Are you interviewing for success or failure?

Many people doesn’t think that way but interviewing is a skill just like communication or problem solving. In the field of IT it’s specifically highlighted where individuals can be extremely successful even with lacking social skills. I saw many companies making the mistake of putting the best developer or system engineer into the interviewing role which sometimes leads to disastrous results. Why that happens?

Top 5 mistakes technically excellent interviewers do

1) Taking it as an exam

We all went to school and we have vivid memories about our teacher who had a perfect sixth sense to find the only questions we didn’t know the perfect answer for. Although we shouldn’t repeat that I see it’s happening many times. Interviews should be about what the candidate knows not what he doesn’t.

2) Being hypothetical

There are certain situations when it’s benefical but in general hypothetical questions will be answered by hypothetical answers. You need to ask yourself what did I learn from this answer about candidate’s ability to contribute to our team/company. If you don’t find a satisfying answer you shouldn’t ask those questions.

3) Looking for specific answer

Another common mistake which can be a subset or result of the previous is that the interviewers ask a very open question which they expect a very specific answer. An answer which may be specific to their position, to the company etc. Do you want to hire somebody who thinks the same way you do or do you want to bring somebody with new perspectives, new ideas to the team/company? You probably don’t look for your clones to work with, right?

4) Trivia questions

Once I had an interview where I had to answer questions like what DRY or IDE stands for. In the same situation now I would just ask back: “is this really the knowledge I need to have to be successful in your environment?”. Questions which can be found the asnwers for with a couple of seconds of googling won’t help you get to know the candidate better. In the field of IT experience and mindset is much more important than lexical knowledge.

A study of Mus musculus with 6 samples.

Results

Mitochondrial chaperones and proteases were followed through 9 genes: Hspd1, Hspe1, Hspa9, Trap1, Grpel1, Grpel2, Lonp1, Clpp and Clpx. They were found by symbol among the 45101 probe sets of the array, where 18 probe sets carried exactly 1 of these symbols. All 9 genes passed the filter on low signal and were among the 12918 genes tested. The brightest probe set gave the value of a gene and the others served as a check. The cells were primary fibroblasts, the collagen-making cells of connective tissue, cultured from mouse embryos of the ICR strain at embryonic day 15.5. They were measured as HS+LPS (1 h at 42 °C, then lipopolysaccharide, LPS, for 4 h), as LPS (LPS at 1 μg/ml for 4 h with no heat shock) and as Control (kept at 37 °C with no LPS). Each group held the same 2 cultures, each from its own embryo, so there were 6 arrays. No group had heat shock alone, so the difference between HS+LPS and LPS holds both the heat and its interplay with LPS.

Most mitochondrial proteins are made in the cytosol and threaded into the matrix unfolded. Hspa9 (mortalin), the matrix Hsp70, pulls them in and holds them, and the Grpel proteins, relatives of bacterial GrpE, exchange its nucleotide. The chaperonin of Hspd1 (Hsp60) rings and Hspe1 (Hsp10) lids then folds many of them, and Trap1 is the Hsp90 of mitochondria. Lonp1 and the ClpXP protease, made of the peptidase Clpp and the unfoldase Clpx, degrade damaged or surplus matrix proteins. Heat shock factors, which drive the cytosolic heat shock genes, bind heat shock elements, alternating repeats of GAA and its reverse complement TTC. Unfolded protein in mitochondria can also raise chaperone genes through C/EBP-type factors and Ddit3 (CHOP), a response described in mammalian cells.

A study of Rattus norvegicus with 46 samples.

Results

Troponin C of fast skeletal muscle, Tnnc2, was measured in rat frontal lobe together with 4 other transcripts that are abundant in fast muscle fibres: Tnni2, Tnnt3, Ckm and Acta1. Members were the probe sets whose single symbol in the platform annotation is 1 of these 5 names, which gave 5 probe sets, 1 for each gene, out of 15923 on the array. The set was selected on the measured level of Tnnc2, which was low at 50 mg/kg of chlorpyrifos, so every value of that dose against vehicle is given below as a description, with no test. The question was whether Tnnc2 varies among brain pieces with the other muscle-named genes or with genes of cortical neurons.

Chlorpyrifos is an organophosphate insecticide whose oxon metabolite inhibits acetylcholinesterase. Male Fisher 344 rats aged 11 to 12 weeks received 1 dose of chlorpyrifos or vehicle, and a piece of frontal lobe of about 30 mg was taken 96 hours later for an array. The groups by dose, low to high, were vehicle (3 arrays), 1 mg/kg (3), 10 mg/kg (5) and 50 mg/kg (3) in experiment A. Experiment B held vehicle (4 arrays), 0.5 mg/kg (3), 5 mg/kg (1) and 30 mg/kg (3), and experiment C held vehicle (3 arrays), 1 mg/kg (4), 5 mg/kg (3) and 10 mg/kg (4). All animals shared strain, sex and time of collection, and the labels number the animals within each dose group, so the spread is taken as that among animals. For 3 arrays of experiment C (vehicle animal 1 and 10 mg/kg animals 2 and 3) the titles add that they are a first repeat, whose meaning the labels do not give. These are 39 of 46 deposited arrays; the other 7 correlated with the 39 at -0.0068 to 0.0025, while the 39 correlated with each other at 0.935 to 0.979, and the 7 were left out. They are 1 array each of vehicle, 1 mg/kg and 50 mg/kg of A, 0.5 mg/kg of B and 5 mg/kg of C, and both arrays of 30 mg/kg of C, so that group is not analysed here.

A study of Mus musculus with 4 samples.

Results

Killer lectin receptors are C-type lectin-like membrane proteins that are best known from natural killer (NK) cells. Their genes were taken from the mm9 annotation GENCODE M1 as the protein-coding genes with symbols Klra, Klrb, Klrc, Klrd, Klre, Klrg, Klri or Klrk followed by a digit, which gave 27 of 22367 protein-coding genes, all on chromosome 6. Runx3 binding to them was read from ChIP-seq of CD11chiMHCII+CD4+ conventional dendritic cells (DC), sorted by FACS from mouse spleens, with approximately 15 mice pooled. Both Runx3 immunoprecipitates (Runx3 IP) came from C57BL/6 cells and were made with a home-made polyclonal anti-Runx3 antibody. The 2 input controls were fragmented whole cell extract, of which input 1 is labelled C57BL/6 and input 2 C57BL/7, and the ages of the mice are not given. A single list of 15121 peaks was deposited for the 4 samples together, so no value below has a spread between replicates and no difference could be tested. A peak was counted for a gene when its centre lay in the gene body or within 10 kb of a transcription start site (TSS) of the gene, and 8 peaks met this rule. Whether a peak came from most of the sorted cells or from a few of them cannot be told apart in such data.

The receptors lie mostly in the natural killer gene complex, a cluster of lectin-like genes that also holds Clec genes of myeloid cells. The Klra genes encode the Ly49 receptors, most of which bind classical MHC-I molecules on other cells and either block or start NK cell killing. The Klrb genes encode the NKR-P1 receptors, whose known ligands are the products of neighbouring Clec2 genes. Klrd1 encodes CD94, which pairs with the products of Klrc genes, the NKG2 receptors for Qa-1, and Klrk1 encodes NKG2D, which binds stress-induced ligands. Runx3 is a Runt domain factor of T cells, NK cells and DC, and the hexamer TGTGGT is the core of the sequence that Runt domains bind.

5) Not having ownership about the process

In spite of the common belief it’s the interviewers’ job to find enough information to be able to properly assess the candidate’s skills and potentials. If at the end of the dedicated time frame you don’t have a clear result in your head that’s because you failed to pull enough information. I cannot emphasis this enough: it’s not the candidate’s failure it’s yours.

How to become a better interviewer?

1) Prepare

Read the CV. I may sound silly but many already bleeds out on this. Be conscious on what you want to find out. Prepare some question (but don’t stick to them strictly). Have a checklist of things which you must know about the candidate to be able to give a fair judgment at the end.

2) Focus on experience

Instead of trivia or hypothetical questions focus on the candidate’s past experience. Ask him about things they did, they are proud of. It could be larger projects, some interesting troubleshooting or basically anything that can get the ball rolling and then pick up some details and dig deeper there.

3) Reflect

One of the core skills of successful people is self-reflection. Ask the candidate what he/she have learned from it. Would he/she do anything differently now? This will give you a nice idea about their potential to adapt to and grow in your organisation.

4) Discuss

Left the interrogation to the police. An interview should be much more like a discussion than a constant question answer ping-pong. Treat the candidate as an equal partner and talk to them as you would talk to any colleagues about technical subjects.

5) Be open and humble

Of course it you need assess the technical abilities of the candidate but try to avoid asking questions which have right or wrong answers. Ask open ended questions and make sure you’re following the thinking process of the individuals and not forcing your own on them. Don’t be surprised if you’re learning something yourself from the interview as well.

If you will remember only one thing let it be this:

For every question you ask the candidate ask yourself what information will you gain by his/her possible answer. Tweet This If you cannot answer this you’re asking the wrong question.


I'm out of many things mostly automation expert, database specialist, system engineer and software architect with passion towards data, searching it, analyze it, learn from it. I learn by experimenting and this blog is a result of these experiments and some other random thought I have time to time.